2015 year-end review of themes

 

 

Overall, we did well on our call for 2015. We were right on six, half right on three others and had one wrong. In general, the year lived up to our expectations of a low return environment with the anticipated Fed rate hike being the biggest influence.

 

  1. If not now, when? If not the Fed, who?: We expect the Federal Reserve to raise interest rates in 2015. We expect rates to gradually rise to a 1.0%–1.5% target, which would still be historically low. We were right on this call, but the Fed chose to wait till December to raise rates to 0.50%.Though the Fed has signaled rates will be raised to 1.25-1.50%, we are calling this one half-right.

 

  1. No one rings a bell at the top of the market: […] we expect major US indexes (S&P 500, Dow Jones, Nasdaq) to finish the year in negative territory. We were mostly right here, two out of the three indices ended down. The S&P500 ended 2014 at 2,059 and 2015 at 2,044; the Dow Jones dropped from 17,823 to 17,425; but the Nasdaq rose from 4,736 to 5,007.

 

  1. Emerging troubles: Emerging economies will continue to stumble in 2015, this includes resource dependent countries such as Russia and Brazil which have run into roadblocks as energy prices have fallen dramatically. […] We expect emerging market stocks and bonds to underperform developed markets this year. The MSCI Emerging Markets Index ended the year down 17%. The Chinese markets ended the year down over 10%, Brazil was down almost 16%, Russia down over 6%, and India down over 2%.

 

  1. Commodities weighed down: […] We see commodities finishing the year flat to negative. The Goldman-Sachs Commodities Index ended 2015 down over 30%.

 

  1. +  The trouble with oil: We do not expect oil prices to substantially recover in 2015. […] We expect brent crude prices to remain under $60 by year’s end. Brent crude started the year around $57 and ended 2015 around $37.

 

  1. Playing defense: For US equities, we believe defensive sectors, including healthcare and utilities will outperform others over the course of 2015. In any sort of correction, we expect enterprises providing essential goods and services to maintain profitability and revenues. Over-levered companies that have benefitted from speculative euphoria in recent years are particularly vulnerable to sell-offs in our view. We were half right on this call as healthcare outperformed the S&P 500 Index in 2015 (S&P Healthcare Index +5.8%) while utilities lagged (S&P Utilities Index -7.9%).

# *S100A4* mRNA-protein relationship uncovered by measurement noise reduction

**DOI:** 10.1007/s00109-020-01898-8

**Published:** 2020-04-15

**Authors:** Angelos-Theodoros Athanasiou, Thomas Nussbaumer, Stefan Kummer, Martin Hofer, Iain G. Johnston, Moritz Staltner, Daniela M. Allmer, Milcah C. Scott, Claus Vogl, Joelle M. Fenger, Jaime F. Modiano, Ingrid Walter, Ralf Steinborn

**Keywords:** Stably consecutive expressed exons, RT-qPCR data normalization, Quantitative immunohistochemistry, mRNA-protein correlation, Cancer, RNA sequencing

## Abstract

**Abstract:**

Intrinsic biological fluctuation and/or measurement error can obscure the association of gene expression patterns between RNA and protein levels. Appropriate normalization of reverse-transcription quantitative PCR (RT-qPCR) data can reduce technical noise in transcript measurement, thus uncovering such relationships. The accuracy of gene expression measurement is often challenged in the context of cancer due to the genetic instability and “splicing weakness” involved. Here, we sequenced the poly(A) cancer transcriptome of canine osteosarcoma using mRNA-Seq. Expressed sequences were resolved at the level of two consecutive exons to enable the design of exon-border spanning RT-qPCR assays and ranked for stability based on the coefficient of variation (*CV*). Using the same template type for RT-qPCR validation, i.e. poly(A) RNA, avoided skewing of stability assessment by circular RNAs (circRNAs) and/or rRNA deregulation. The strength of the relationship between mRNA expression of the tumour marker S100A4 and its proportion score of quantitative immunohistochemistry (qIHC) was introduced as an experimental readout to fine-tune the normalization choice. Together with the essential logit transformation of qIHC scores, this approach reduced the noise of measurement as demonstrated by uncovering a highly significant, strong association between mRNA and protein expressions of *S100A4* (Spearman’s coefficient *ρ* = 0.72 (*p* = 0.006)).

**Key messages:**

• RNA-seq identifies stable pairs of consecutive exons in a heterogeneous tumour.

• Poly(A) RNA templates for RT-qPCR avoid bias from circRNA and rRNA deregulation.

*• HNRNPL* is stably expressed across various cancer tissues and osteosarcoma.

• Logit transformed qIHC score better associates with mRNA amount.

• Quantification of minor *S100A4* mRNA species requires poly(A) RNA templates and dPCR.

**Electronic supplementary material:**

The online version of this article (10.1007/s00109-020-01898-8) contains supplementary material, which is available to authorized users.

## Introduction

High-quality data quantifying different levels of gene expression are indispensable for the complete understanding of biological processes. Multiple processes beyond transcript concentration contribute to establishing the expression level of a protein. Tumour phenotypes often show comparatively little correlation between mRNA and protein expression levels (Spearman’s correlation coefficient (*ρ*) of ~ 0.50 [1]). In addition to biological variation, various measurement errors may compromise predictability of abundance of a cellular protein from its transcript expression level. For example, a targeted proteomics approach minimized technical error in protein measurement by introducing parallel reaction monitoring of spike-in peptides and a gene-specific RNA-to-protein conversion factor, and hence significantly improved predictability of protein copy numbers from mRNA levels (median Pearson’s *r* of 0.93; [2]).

1. + Euro Crisis, back to the future: […] Depending on outcomes, another round of brinksmanship will likely begin between Greek politicians, the markets and EU officials. Over the past few years, attitudes have hardened and we believe there is a real chance that Greece may be forced to, or choose to leave the Euro. Over the course of the year, we saw another round of concerns about Greece that led to weeks of tense negotiation. The Euro ended the year down about 10% against USD (from 1.20 to 1.07) partly s a result of continued concern about the longer-term prospects for the Euro-zone. Though economic issues have faded from view as a continuing refugee crisis absorbs headlines, we do not believe the Euro-zones strategic challenges have been dealt with.

 

  1. + Junk bonds get kicked to the curb. […] With rates rebounding (even marginally), we believe investors will find the reward that comes with high yield bonds no longer worth the risk.  We were correct on this call as high yield bonds suffered their first down year since 2008.  The Barclays High Yield Bond Index was -6.77% for 2015.

 

  1. × Growth in Renewables: […] With oil prices falling again, we’ve seen many renewable stocks follow suit, as sort of a knee jerk reaction by investors. We think this provides a tremendous buying opportunity, particularly in the YieldCo space where, like utilities, companies own a portfolio of newly constructed power projects with long term power purchasing agreements in place.  We believe we’re a bit early on this call, but for year-end list-scoring purposes we were wrong.  Renewable energy stocks had a negative return for 2015 impacted by falling prices for conventional energy. Renewables did however, outperform traditional fossil fuel energy stocks.  The Nasdaq Clean Edge Green Energy Index was -6.21% while the S&P 500 Energy Index finished -21.12%.

 

  1. The Russian question: […] We are bearish on Russia and expect the Russian market to underperform in 2015. The Russian market ended the year down 6%.